So you got a new puppy… awesome! Did you pick up the manual that goes with him? If you didn’t, don’t fret. I’m going to give you a few helpful tips that’ll make living with your new furry bundle of joy a little easier.
First things first: Your puppy was born into a *human* world. He does not have an innate sense of how to live in our world. Puppies/dogs are instinctually driven meaning they do what nature tells them to do. Nature tells them they must chew on things to help those baby teeth fall out so that the adult teeth can erupt through. What it neglects to tell them is that the leg of your fancy dining room table is NOT the appropriate target. Instinct drives your puppy to eat whatever he can forage to grow and sustain life. It neglects to tell him that your son’s Lego set is NOT an appropriate food source. When your puppy is “misbehaving” or doing inappropriate things he’s NOT doing it to upset you or to be spiteful. He just doesn’t know better. Remembering this will make both of your lives a lot easier, less stressful, safer and gives you more time to focus on the FUN things.
Think of your puppy as a human baby. He’s growing fast and learning new things every day but he needs your guidance and protection along the way. Would you even THINK of leaving a human baby unattended for any length of time? No way! Therefore, you should never leave a puppy unattended.
The very first item you buy should be a dog crate. This will become your dog’s *haven* for the rest of his life. It’ll become his *go to* place when he’s feeling overwhelmed and his *fortress of protection* when he must be left alone. Crates are INCREDIBLY easy to introduce but it must be done correctly for it to be successful. As long as he’s not spending his entire days and nights in the crate it’s a very healthy tool to have. Crating your puppy/dog is not “cruel” as long as it’s done responsibly. What is cruel and irresponsible is him being left to his own devices and run free while you’re at work all day long. He does not understand that chewing on the lamp’s electrical cord will electrocute and potentially kill him.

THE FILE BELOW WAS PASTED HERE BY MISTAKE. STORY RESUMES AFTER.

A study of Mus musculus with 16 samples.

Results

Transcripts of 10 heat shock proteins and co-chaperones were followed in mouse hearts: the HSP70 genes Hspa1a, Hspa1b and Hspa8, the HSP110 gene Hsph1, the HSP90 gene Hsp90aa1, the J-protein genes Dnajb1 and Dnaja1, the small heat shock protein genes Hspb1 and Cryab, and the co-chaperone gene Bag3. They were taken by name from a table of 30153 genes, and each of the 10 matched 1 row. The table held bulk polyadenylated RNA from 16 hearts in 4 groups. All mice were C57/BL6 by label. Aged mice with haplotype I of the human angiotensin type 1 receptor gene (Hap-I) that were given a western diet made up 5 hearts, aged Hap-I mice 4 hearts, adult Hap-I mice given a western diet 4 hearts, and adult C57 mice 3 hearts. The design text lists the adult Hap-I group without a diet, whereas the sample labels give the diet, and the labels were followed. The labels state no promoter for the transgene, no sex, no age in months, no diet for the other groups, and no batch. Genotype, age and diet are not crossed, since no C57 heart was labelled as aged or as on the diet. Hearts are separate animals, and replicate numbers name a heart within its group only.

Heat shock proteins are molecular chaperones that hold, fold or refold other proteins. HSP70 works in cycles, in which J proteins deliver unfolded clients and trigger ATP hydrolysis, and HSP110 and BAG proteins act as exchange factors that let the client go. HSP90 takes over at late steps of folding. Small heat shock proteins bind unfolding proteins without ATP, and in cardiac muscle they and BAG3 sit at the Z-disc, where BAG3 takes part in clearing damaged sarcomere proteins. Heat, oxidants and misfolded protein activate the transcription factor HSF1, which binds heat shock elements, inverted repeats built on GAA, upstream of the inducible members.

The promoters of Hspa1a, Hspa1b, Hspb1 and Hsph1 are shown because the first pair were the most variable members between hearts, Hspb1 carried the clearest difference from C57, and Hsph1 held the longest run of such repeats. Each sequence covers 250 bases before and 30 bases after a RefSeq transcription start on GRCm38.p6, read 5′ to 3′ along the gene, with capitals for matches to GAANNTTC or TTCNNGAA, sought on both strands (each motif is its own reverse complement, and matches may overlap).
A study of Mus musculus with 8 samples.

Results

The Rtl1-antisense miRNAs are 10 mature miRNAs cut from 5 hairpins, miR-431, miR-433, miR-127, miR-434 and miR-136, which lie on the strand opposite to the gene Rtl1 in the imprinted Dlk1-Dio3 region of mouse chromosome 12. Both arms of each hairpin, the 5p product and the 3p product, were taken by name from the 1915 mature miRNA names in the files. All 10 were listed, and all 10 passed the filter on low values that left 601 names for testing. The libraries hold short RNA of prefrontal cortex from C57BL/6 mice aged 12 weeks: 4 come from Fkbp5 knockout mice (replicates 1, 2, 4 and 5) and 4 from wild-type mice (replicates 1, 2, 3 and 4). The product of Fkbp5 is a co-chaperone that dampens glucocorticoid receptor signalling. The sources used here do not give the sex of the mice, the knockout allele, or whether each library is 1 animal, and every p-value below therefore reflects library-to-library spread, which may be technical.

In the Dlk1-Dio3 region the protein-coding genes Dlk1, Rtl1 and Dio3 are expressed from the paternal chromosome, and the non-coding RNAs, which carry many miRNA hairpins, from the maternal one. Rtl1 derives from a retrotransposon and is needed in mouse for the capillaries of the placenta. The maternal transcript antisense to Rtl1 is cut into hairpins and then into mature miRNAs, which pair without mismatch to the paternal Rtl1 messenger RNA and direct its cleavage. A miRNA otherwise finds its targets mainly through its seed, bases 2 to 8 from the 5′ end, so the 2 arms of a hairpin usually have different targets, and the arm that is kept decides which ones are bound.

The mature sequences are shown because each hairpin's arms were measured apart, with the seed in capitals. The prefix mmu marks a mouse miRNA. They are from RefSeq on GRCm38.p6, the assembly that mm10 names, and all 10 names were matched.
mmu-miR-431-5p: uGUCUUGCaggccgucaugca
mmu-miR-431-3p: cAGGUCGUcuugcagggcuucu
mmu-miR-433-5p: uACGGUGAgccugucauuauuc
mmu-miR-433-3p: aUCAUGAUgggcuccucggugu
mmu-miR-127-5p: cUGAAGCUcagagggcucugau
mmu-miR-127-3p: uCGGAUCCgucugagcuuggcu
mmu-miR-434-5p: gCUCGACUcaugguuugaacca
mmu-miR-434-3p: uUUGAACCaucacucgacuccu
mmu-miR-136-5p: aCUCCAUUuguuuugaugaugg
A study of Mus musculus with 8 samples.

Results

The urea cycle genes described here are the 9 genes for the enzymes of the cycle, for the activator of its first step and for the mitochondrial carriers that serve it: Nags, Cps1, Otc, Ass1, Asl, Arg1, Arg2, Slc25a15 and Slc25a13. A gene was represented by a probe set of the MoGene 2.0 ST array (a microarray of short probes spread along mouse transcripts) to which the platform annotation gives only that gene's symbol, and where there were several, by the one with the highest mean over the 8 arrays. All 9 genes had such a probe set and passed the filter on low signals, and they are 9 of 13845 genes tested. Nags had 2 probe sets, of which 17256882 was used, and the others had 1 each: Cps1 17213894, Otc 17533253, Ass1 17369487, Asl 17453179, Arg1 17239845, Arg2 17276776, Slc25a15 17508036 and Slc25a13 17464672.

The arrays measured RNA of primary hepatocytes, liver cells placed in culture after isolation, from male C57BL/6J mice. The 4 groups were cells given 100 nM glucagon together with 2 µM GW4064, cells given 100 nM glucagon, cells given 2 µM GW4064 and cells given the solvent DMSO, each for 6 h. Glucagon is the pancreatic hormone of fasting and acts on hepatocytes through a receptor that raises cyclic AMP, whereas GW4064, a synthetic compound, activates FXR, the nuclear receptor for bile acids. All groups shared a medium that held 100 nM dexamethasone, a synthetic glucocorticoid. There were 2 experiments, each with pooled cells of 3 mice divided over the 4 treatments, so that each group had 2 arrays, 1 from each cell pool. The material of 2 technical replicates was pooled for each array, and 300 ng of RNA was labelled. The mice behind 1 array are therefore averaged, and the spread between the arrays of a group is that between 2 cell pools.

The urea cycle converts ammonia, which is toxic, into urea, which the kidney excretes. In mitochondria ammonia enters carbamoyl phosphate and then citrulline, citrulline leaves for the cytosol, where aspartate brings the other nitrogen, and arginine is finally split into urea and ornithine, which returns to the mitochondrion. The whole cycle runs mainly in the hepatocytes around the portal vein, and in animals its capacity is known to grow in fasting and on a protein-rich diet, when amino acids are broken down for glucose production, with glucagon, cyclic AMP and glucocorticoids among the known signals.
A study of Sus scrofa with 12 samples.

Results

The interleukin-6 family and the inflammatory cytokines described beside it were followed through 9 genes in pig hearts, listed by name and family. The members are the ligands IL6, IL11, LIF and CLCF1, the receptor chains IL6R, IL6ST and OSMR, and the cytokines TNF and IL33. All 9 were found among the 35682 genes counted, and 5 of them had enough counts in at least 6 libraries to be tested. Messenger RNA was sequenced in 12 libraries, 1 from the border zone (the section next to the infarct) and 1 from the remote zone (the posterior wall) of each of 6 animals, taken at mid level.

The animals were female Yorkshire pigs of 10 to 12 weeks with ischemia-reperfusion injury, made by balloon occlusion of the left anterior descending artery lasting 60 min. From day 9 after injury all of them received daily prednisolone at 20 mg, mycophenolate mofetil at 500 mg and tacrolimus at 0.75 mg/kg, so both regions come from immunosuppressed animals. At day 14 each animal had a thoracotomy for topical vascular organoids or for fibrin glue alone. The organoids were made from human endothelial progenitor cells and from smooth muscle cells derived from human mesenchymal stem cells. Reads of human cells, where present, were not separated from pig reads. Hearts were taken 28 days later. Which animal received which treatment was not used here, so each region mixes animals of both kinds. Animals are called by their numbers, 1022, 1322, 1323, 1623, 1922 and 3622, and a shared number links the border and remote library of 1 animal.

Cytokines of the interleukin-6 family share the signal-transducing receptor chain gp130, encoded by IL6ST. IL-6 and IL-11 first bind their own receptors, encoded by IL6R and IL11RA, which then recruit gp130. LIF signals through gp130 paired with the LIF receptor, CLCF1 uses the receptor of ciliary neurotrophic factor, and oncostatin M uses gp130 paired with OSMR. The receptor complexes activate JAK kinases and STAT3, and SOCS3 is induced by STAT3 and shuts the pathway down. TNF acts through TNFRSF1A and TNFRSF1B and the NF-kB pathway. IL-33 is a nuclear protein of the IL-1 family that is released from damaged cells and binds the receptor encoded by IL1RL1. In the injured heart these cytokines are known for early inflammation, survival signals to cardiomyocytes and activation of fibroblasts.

Many owners have good intentions and think they’ve covered all the bases in creating a safe environment but believe me your puppy will find that missing sock from 6 months ago inside the couch and will consider it a tasty treat! Veterinary clinics make millions of dollars annually, in North America alone, through costly surgeries on dogs to remove foreign objects from their stomachs/bowels. Many of these puppies were “only alone for a second” but it was long enough for them to chew up and accidentally swallow the remote control for the tv or dishcloth. Not only does that leave the owner facing a huge financial loss but the puppy is now facing risky surgery that may or may not save his life in the end. Crating is also a MONUMENTAL tool in helping with house-breaking your puppy!
The next order of business is obedience training. Again, your puppy wasn’t born knowing our language or understanding what it is that you want from him. It’s up to you to teach him. But in order for that to happen YOU should learn to speak HIS language. This is where the role of an Obedience Trainer comes into play. The trainer will teach you how to raise a confident puppy who knows exactly how to fit into our world. Teaching your dog basic obedience will not only save his life at some point in time but will also save you much frustration. An obedient and confident dog is a happy dog. Obedience classes help connect you to other dog owners. The social networking is HUGE! It also gives your puppy a social outlet. Your puppy loves his human family but he needs to socialize with other dogs as well. It’s critical to puppy development. Don’t ever think that you are all he needs. Imagine a world with no other humans to talk to or to truly understand you. Pretty lonely huh? Basic puppy training should begin the moment you bring him home or 8 weeks of age.
Your puppy will require regular veterinary visits for vaccinations and health exams. This begins at 8 weeks of age (1st puppy vaccine). Your veterinarian will ensure he’s growing well and guide you along your journey. At 5-6 months of age your puppy should be scheduled to be neutered. Unless you are a registered and responsible breeder please do not add to the already over-populated dog world. If you are considering breeding, your puppy asks that you take a stroll through the local animal shelter. Your dog may be exceptionally beautiful and special but that’ll never guarantee his future puppies a home. Do your research on veterinary care and costs during pregnancy and birth.
If educating your children on the “Miracle of Life” is part of the agenda then please add “Miracle of Death” to it as well since there’s a high chance that at least ONE of those puppies will end up there. Google is a wonderful educational tool for children! Save your puppy the physical stress and save yourself the emotional and financial stress of reproduction.
Puppies are FUN FUN FUN! But they can also be an incredible challenge. A puppy who is raised with persistency, consistency and patience turns into a well-adjusted, happy adult dog that you will enjoy for many years to come. It’s much easier to raise your puppy correctly the first time when the slate is fresh than it is to fix an ill-mannered, non-adjusted, unhappy, “set in his ways” adult dog.